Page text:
NCSC helps courts that work with guardianship abuse victims
A man who became comatose after a fall counted on his daughter, who was assigned to be his guardian, to oversee his finances. However, she withdrew $60,000 from her father’s savings account, made $20,000 in cash advances from another account, and hired a locksmith to enter his home and take what she wanted. She is under criminal investigation.
Another man, disabled since birth, was assigned a fiduciary to handle his finances, but the fiduciary used the man’s money to give himself and his friends no-interest “loans” and charged the man exorbitant accounting and trustee fees. He was caught and ordered to repay $300,000.
A woman with Alzheimer’s Disease was appointed two guardians, her daughter and a nephew. After the woman’s son raised a red flag, a court-appointed lawyer concluded that the nephew stole $100,000, and the daughter coerced her mother into signing over shares of stock and 40 acres of land, and she stole an heirloom diamond necklace from her mother’s house. She was ordered to return the land, the stock and the necklace, and the nephew was fined $200,000.
Although these cases are egregious, guardianship abuse is not rare, and that explains why NCSC researchers have for many years worked to help court officials as they aid the victims of these financial crimes. NCSC has two new products that aim to make it easier for courts to do this work.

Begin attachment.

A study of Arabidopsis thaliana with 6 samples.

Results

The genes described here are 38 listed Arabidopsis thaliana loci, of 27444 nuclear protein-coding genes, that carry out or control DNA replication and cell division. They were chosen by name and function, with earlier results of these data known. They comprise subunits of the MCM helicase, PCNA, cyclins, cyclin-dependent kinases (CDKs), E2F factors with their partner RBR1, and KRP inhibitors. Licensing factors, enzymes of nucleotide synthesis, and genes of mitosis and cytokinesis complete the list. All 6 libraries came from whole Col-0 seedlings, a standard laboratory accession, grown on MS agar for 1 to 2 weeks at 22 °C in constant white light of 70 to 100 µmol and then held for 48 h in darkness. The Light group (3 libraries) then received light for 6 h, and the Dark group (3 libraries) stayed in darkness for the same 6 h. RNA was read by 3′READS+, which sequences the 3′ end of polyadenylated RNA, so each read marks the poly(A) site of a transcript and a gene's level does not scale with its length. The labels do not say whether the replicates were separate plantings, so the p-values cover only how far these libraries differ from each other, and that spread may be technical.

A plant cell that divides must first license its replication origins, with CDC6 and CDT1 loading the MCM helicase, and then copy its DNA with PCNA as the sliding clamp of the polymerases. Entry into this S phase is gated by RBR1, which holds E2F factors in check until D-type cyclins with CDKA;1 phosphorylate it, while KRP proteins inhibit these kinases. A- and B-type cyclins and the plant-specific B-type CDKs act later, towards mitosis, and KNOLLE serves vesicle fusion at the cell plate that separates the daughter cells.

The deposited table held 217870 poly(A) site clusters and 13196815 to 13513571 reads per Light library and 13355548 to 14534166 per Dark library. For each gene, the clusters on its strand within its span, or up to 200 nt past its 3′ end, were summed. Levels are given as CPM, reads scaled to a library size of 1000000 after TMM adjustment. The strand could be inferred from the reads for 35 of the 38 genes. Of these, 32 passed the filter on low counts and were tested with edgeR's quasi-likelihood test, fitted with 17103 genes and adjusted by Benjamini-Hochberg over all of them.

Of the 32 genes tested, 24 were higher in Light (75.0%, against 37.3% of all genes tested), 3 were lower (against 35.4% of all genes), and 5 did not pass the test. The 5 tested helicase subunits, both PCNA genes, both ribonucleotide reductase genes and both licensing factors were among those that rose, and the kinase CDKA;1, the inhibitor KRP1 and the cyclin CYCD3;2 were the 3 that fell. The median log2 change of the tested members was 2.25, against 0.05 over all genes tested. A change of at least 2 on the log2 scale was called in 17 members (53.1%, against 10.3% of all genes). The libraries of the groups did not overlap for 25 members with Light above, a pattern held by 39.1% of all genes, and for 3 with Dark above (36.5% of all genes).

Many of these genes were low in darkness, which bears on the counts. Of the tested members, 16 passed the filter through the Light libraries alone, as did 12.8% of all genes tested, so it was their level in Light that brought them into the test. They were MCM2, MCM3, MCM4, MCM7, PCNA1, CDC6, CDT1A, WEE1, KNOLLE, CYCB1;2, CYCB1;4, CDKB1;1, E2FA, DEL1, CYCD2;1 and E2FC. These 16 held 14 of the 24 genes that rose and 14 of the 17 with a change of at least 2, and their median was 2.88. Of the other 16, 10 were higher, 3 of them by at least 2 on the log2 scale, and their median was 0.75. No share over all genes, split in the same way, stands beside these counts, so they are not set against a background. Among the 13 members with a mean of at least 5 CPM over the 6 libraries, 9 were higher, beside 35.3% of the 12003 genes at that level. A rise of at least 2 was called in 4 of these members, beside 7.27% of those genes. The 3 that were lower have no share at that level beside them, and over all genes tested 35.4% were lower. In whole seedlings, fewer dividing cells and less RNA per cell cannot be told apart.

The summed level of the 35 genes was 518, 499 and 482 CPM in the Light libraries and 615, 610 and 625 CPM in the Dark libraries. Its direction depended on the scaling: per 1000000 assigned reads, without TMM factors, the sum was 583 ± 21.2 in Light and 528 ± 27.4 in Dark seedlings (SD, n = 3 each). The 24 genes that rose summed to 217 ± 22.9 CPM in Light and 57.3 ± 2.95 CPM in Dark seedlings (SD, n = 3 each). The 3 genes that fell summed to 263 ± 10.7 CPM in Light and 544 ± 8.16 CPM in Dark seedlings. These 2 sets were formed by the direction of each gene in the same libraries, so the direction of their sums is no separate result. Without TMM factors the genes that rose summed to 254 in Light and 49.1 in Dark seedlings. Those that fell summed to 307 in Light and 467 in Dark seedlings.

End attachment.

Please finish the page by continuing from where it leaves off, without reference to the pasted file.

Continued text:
The guardianship/conservatorship response protocol is a tool for judges and other court employees to respond effectively when they suspect abuse, neglect or exploitation in guardianship cases. At each stage of the process, the tool provides resources from other courts and directs court employees to the next step.
Of course, courts can’t effectively monitor these cases unless they have good information, and that’s where the guardianship/conservatorship recommended data elements come into play. They provide guidance to court employees on what data they should collect and how to define it and use it to monitor guardianship and conservatorship cases.
“We have a long history of working to protect our most vulnerable citizens, including those who need guardianships,” said Diane Robinson, a senior court research associate who staffs NCSC’s Center for Elders and the Courts. “Our new tools are just the most recent generation of products to help judges and court staff protect those individuals. The tools coordinate perfectly with the training we provide and our course, called “Finding the Right Fit.”
For more information on NCSC’s guardianship work, go here.